Ford Motor Co. (NYSE: F) hinted at inflation problems when it recently announced sharp price increases on its extremely important Mustang Mach-E and Ford F-150 Lightning. These have to sell well for Ford to continue its march into the electric vehicle (EV) sector. However, these problems were considered isolated because many EV components are limited to EV production. Ford announced that trouble was much broader and spread across a larger portion of its product line.
The announcement was short and to the point, something Ford does not always do with its press releases. High costs will hurt third-quarter earnings. Parts prices will be $1 billion higher than expected. Ford will have 40,000 to 45,000 unfinished vehicles sitting on the sideline because they cannot be completed. To make the problem worse, the company says it “believes” these will be completed and delivered to dealers in the fourth quarter. Investors should hope what Ford believes is right.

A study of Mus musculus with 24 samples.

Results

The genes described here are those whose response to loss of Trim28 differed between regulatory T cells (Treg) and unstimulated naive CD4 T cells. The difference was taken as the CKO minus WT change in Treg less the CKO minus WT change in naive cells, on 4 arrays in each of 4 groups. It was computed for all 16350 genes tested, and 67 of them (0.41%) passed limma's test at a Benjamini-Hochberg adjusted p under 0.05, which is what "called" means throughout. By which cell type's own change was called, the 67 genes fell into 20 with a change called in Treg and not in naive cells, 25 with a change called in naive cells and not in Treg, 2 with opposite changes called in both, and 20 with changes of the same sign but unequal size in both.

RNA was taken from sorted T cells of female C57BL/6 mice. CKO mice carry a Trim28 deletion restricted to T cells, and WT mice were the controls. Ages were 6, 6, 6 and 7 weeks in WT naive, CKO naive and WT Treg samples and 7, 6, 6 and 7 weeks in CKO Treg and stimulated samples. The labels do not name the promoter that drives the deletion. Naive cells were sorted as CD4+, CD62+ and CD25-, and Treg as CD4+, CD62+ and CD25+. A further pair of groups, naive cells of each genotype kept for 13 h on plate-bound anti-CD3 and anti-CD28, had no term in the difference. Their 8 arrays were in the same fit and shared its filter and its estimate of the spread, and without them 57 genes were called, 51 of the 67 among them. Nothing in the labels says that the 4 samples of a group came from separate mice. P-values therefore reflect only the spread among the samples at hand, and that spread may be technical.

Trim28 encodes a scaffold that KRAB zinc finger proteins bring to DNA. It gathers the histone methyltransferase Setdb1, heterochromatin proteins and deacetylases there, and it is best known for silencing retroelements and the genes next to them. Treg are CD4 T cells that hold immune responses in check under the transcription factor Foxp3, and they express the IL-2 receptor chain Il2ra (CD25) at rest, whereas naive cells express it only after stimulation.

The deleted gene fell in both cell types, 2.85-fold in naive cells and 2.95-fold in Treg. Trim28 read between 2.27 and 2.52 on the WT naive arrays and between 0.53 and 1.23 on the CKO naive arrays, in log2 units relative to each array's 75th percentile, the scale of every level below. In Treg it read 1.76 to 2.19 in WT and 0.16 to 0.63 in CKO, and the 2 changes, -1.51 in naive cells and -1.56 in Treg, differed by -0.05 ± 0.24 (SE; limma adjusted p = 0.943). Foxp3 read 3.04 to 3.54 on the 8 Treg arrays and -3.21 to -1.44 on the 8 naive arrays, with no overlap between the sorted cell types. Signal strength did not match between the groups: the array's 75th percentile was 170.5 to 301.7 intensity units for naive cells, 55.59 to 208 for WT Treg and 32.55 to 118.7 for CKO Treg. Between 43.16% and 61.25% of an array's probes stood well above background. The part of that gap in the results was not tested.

The critical statement from the announcement is that Ford expects earnings before interest and taxes for the year to stay at the previously forecast $11.5 billion to $12.5 billion. Skeptics will say this is a real stretch, given that the third-quarter challenges will not be entirely solved in the fourth quarter of the year.
The Ford announcement should send shudders across the investors in every other auto manufacturer. Ford is so large that its problems cannot be isolated. For example, General Motors has to have similar hurdles.
The problem Ford has affects its future as much as its present. While many car parts will become available at prices similar to what they were before the supply chain interruption, it may not be as fortunate with EV components. Ford’s rush into the EV future could be injured.
The EV market is already a financial loser for Ford, which is why it increased prices for the Mustang Mach-E and Ford F-150 Lightning. Those challenges almost certainly will persist. That means Ford faces losses on its EVs, or the need to increase what it charges consumers, which will make EVs much less attractive.
Ford says parts shortages will not do much damage beyond the third quarter. That seems unlikely.